Feed a Dog, Starve a Human
I was talking with an attorney friend of mine who told me about a guy who, for no known reason, killed dogs and kept them in his freezer. Sounds pretty bizarre, I know. The police came to the guy’s door after neighbors complained about hearing dogs howling in the condo complex. He wouldn’t let the police in without a warrant. The story goes on and on but the eventual issue in court was whether there were “exigent circumstances” to enter the guy’s apartment. Normally, if the police believe a human being is at risk of harm, that belief forms the basis for entering a dwelling, without a warrant. But, here, the question was whether the police could enter if they believed an animal was at risk.
I said to my friend I’m surprised there was any problem at all, considering how the concern for animal rights has risen while the concern for unborn children seems to be non-existent. I said there seems to be more concern over the care of animals than for human beings. Remember the hoopla surrounding Michael Vick and his dog-fighting enterprise? My friend agreed.
He then mentioned the case of Terri Schiavo, who coincidentally, would have been 47 years old on the day we spoke in December. We both agreed that the circumstances of Mrs. Schiavo’s death were far more gruesome than the peaceful and gentle way animals are put down or the way death row prisoners are administered a lethal injection.
Mrs. Schiavo was a disabled woman whose estranged husband, Michael, and the courts to which he went, decided, after fifteen years, that she should be deprived of water and food, even though her parents and siblings were ready to care for her for the rest of their lives. I’ve read enough on the subject to reach the conclusion that Mrs. Schiavo died a very slow and painful death.
My beliefs were confirmed when I read an article written by Father Frank Pavone, the president of Priests for Life, on the 6th anniversary of Mrs. Schiavo’s death. He was present by her bedside the night before she died. The court forbade any one from giving her water and she suffered a painful 13-day death by starvation and dehydration.
Could you imagine the ramifications of allowing a sick animal to be put down by starvation and dehydration? The public outcry would be deafening. I’m sure there’s a “cruelty to animal” law in every state which would subject someone to criminal charges and possible incarceration. Yet, our enlightened society allows a human to starve to death.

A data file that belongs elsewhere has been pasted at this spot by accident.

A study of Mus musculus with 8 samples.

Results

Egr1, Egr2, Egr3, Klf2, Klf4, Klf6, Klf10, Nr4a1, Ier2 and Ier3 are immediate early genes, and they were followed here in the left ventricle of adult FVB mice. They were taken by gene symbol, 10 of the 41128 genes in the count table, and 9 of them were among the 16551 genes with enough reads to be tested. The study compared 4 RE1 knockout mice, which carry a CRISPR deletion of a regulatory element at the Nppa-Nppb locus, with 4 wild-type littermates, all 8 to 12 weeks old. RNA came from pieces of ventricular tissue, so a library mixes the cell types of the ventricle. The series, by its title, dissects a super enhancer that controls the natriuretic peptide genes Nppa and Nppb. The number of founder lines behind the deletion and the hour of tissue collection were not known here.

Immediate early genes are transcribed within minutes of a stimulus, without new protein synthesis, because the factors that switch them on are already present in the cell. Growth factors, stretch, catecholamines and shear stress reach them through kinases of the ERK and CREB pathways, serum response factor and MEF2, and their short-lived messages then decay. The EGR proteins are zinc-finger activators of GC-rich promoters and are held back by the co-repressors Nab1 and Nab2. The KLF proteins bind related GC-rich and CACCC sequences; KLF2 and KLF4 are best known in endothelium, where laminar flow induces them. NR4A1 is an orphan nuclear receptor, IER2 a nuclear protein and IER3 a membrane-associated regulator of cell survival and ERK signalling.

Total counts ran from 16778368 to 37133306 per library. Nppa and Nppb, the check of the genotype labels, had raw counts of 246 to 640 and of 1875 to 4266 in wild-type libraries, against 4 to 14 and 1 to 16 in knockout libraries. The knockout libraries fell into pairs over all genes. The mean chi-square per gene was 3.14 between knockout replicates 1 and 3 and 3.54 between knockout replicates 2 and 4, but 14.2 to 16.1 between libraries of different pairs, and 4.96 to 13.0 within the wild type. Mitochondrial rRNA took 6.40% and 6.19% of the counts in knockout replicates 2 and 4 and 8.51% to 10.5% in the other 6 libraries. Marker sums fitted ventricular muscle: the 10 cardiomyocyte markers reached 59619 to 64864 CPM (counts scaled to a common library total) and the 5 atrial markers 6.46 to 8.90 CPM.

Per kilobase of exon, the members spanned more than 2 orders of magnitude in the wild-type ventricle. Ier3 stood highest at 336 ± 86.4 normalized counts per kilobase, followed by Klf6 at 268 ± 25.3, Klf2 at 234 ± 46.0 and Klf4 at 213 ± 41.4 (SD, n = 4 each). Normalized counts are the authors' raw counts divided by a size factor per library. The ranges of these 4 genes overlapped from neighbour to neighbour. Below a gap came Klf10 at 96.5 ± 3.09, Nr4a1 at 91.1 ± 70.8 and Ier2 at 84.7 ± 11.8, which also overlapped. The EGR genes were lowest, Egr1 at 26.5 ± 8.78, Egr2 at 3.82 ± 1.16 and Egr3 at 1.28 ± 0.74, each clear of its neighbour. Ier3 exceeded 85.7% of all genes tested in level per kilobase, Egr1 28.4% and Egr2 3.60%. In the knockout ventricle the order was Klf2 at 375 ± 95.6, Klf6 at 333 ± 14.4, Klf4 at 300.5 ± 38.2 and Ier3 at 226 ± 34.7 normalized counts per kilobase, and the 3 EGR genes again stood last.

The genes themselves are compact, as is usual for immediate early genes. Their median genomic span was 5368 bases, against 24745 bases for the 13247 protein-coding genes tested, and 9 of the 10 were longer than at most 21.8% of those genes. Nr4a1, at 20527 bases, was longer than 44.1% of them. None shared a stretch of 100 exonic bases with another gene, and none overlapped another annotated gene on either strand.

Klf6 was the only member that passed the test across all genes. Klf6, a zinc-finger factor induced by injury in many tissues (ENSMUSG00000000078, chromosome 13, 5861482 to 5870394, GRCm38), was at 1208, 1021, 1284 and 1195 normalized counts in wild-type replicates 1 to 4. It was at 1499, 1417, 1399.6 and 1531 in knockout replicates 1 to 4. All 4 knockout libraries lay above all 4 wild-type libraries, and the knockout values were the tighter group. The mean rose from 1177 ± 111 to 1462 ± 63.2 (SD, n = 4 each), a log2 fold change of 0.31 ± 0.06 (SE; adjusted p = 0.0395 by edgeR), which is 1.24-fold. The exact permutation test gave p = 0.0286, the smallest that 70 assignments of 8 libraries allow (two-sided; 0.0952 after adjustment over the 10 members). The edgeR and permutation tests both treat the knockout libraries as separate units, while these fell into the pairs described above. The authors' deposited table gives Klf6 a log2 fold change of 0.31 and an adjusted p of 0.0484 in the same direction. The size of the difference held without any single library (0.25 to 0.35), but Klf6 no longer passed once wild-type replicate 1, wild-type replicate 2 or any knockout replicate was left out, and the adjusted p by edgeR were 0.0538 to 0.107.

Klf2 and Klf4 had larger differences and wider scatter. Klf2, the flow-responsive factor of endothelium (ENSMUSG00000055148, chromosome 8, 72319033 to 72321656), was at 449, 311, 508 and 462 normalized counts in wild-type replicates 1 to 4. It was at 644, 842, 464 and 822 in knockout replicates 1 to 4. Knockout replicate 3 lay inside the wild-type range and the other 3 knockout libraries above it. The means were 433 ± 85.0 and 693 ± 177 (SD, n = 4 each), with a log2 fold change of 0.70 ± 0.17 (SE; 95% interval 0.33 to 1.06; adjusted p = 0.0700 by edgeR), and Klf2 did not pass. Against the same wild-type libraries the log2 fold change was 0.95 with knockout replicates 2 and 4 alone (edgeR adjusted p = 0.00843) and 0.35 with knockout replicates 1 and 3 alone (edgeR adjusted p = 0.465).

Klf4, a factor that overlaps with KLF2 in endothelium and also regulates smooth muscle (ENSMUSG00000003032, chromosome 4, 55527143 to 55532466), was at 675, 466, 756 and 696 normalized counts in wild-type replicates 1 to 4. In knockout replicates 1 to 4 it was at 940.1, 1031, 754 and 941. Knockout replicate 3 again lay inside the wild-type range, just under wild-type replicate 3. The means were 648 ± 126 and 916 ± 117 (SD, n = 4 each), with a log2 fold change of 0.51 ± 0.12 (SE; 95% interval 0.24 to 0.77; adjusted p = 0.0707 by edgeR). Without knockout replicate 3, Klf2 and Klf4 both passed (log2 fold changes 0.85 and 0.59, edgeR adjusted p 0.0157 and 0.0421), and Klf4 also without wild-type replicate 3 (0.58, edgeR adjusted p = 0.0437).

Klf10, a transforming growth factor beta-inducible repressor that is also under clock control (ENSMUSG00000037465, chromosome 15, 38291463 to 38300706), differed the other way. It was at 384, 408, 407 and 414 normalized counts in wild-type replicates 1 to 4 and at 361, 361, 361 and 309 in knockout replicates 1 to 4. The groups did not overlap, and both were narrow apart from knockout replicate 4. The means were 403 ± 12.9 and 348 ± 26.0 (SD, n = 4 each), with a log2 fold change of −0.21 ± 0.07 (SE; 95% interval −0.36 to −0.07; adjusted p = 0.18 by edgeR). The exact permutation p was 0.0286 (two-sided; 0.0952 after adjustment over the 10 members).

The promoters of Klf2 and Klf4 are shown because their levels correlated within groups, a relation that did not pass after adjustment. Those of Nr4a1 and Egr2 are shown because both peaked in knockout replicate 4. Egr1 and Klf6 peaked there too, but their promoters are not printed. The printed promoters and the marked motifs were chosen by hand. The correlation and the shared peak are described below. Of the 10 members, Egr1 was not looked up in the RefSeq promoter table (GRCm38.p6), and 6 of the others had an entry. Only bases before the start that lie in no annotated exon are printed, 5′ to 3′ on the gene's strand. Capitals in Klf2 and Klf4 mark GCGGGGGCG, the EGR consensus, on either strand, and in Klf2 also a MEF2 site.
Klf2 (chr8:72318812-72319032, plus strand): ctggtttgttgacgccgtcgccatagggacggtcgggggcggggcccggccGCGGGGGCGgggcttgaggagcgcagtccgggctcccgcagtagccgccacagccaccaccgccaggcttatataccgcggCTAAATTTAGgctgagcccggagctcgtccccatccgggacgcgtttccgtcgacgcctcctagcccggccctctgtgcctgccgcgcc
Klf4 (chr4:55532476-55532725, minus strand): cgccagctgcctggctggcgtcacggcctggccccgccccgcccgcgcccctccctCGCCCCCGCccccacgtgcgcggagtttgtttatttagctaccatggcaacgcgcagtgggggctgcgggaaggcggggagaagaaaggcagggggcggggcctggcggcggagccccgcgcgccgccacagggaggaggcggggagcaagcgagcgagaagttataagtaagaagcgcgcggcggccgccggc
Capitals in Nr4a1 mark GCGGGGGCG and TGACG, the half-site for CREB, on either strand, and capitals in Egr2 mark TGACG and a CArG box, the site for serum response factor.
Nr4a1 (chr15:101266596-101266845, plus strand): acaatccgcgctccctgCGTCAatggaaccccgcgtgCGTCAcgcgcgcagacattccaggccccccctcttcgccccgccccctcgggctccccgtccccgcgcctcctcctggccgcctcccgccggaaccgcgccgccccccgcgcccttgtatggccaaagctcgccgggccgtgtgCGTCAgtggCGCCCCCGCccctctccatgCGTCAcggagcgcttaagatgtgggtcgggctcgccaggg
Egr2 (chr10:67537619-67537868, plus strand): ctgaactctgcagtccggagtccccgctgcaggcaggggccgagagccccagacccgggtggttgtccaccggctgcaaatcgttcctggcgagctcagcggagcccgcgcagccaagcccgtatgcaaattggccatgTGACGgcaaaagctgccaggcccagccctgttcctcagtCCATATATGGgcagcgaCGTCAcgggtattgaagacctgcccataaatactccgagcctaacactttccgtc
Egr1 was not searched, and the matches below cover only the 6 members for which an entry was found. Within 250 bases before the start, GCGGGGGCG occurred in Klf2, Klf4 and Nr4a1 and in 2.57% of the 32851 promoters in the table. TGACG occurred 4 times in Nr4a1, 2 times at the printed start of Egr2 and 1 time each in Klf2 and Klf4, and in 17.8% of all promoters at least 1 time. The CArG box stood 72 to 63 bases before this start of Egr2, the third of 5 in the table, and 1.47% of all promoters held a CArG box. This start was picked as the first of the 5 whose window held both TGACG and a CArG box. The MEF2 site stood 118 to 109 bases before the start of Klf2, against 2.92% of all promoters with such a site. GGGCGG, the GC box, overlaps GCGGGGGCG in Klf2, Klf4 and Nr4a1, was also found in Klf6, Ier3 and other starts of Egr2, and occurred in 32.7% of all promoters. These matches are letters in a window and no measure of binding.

Mrs. Schiavo was not dying, she was not on life support, and she did not have a terminal illness. Yet, because of the actions of her estranged husband and the courts, she was tortured and starved to death because, according to Father Pavone, her life was considered “useless.”
We see this disregard for human life and suffering even more so when it comes to abortion where medical research has found that unborn babies, as young as 8 weeks, experience and feel pain.
Yet, convicted criminals who have been sentenced to death are treated far more humanely. Whether you are for or against the death penalty, most states allow execution by lethal injection using a “three-drug cocktail” that puts the prisoner to sleep. So, no matter how heinous the crime, the criminal is gently put to sleep because our Constitution would prohibit execution by starvation and dehydration. By the way, the ACLU which is always demanding due process rights for prisoners on death row, acted as co-counsel for Mrs. Schiavo’s husband.
I certainly don’t advocate the killing by starvation and dehydration, but when innocent human beings are allowed to die under horrific circumstances, while animals and convicted prisoners are gently put to sleep, something is very wrong.
Being pro-life, it’s disturbing to read about the extermination of the unborn by abortion, society’s growing permissive stance on assisted suicide or “voluntary euthanasia” and, in Father Pavone’s words, the killing of the “useless” as in the case of Mrs. Schiavo.
When human life is so devalued, when will “nonvoluntary euthanasia” become acceptable? Will we eventually be willing to embrace something like China’s “one-child policy”? Who decides when a human being is “useless” in society?
Mrs. Schiavo’s family should’ve have been allowed to care for her. No one should’ve decided her life was not worth living and certainly not her estranged husband, who had already started a new family with another woman and with whom he had two children. And, under no circumstances, should she have been starved to death.
I don’t get it, but if you do, God bless you.